Country of Origin
The Siberian Husky (also known as the ‘Chukcha’, ‘Keshia’, or ‘Arctic Husky’) originated as a sled dog for the Chukchi tribe of Eastern Siberia (in northern Russia) several thousand years ago. It was imported to Alaska in the early 20th century during the Alaskan gold rush. The Siberian Husky attracted attention when it completely dominated native breeds in the 400 mile ‘All-Alaska Sweepstakes’ race from Nome to Candle in 1910, the second year in which it competed. It gained further prominence in 1925 when a gold miner named Leonhard Seppala used a now-famous team of Siberian Huskies to make an urgent delivery of diphtheria serum to Nome, saving thousands of lives. This delivery became known as the ‘Great Race of Mercy’ and attracted much attention to the Siberian Husky. A statue honoring Seppala’s team stands today in Central Park. In 1930, Russia allowed the last group of Siberian Huskies to be exported from Siberia; the breed was recognized by the American Kennel Club that same year. Most Siberian Huskies today descend from the 1930 exports and Leonhard Seppala’s team. Today the Siberian Husky is one of the most popular northern breeds, serving as a pet, sled racing dog, and show dog. Siberian Huskies appear prominently in Disney films ‘Snow Dogs’, ‘Eight Below’, and ‘Iron Will’, all based to some degree on true stories of heroic Siberian Huskies. Siberian Huskies are the mascots of Northeastern University and Michigan Technological University. A female Siberian Husky mix named Laika became the first animal to enter orbit when she was launched into space on Sputnik 2.
The Siberian Husky has a shoulder height of 51-60 cm (20-23.5 in) and weighs 15-28 kg (35-60 lbs). It has a round skull with almond-shaped eyes and triangular, erect, furry ears. Some Siberian Huskies have a ‘winter nose’ which fades to pink in the winter; the color change can be permanent in older dogs. The Siberian Husky’s eyes are blue, green, brown, or hazel. ‘Bi-eyed’ Siberian Huskies have one blue eye and one brown or hazel eye while ‘parti-eyed’ Siberian Huskies have irises of blue mixed with another color. The Siberian Husky is one of only a select few breeds which is allowed different-colored eyes in the show ring, and one of only a few breeds to commonly have blue eyes. Siberian Huskies have an arched neck, sickle-curved tail, and furry, oval feet. They have a wolf-like appearance.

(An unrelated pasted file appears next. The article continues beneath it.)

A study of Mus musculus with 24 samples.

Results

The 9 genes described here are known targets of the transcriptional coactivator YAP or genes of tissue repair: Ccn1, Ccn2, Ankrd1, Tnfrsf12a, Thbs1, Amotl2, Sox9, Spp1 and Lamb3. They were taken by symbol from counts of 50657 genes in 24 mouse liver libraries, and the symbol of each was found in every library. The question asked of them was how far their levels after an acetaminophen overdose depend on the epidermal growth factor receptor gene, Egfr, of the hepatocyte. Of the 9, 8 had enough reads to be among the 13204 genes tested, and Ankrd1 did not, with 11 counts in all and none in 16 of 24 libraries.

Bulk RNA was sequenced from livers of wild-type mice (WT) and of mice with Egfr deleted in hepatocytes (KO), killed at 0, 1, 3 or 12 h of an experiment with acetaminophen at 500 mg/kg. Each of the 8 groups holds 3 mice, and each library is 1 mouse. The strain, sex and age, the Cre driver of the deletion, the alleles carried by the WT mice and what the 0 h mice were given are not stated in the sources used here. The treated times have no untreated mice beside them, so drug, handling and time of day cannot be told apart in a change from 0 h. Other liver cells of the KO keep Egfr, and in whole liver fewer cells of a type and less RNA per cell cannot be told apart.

The Siberian Husky has a dense, smooth undercoat and coarse outer coat of short, straight hairs. Every color and combination is acceptable; common colors are pure white or white with black, grey, or copper-red, all with possible blond markings. There are a variety of striking facial markings. Siberian Huskies shed twice a year.
The Siberian Husky is adventurous, clever, and stubborn. It wants to be everyone's friend, a fact that makes it a less-than-ideal watchdog. Siberian Huskies love to wander, and they are full of energy and independence. The Siberian Husky is known to stage frequent and elaborate escape attempts by jumping over or tunneling under walls. It is very energetic and active when playing, and tends to make interesting whoops, yowls, and ululations.
The Siberian Husky gets along well with other Huskies, but needs to be trained carefully to interact with other household pets. It tends not to get along with cats or other small animals. Siberian Huskies deal well with children. It is wise to have more than one Siberian Husky because they do not enjoy being left alone.
Siberian Huskies require weekly grooming with a brush and comb, particularly on the rear legs, more often when shedding. Bathe only when necessary. The Siberian Husky has a lifespan of 10-14 years. It is generally healthy, but prone to eye problems such as glaucoma and cataracts, and cancer when older. The Siberian Husky has a high propensity for obesity if under exercised, and requires less food than one might expect for its large size; consult your veterinarian for dietary information. Fish oil, which can be found in sardines or flaxseed oil, is a recommended part of the Siberian Husky’s diet. The Siberian Husky is not well suited to warm climates; it needs a cool place to sleep in the summer.
The Siberian Husky will only obey commands that make sense to it. It is very independent-minded, so handlers need to have considerable patience and a good understanding of the Siberian Husky’s nature.
The Siberian Husky was bred to pull a heavy sled for countless miles; it demands to be involved in physical activities. If you can't have it pull a sled, let it run alongside you as you jog or ride a bicycle, ideally for at least an hour every day. Siberian Huskies that do not get enough exercise become destructive and loud. They have a low heat tolerance, so do not over exercise them in warm weather. The Siberian Husky is not suited to apartment life.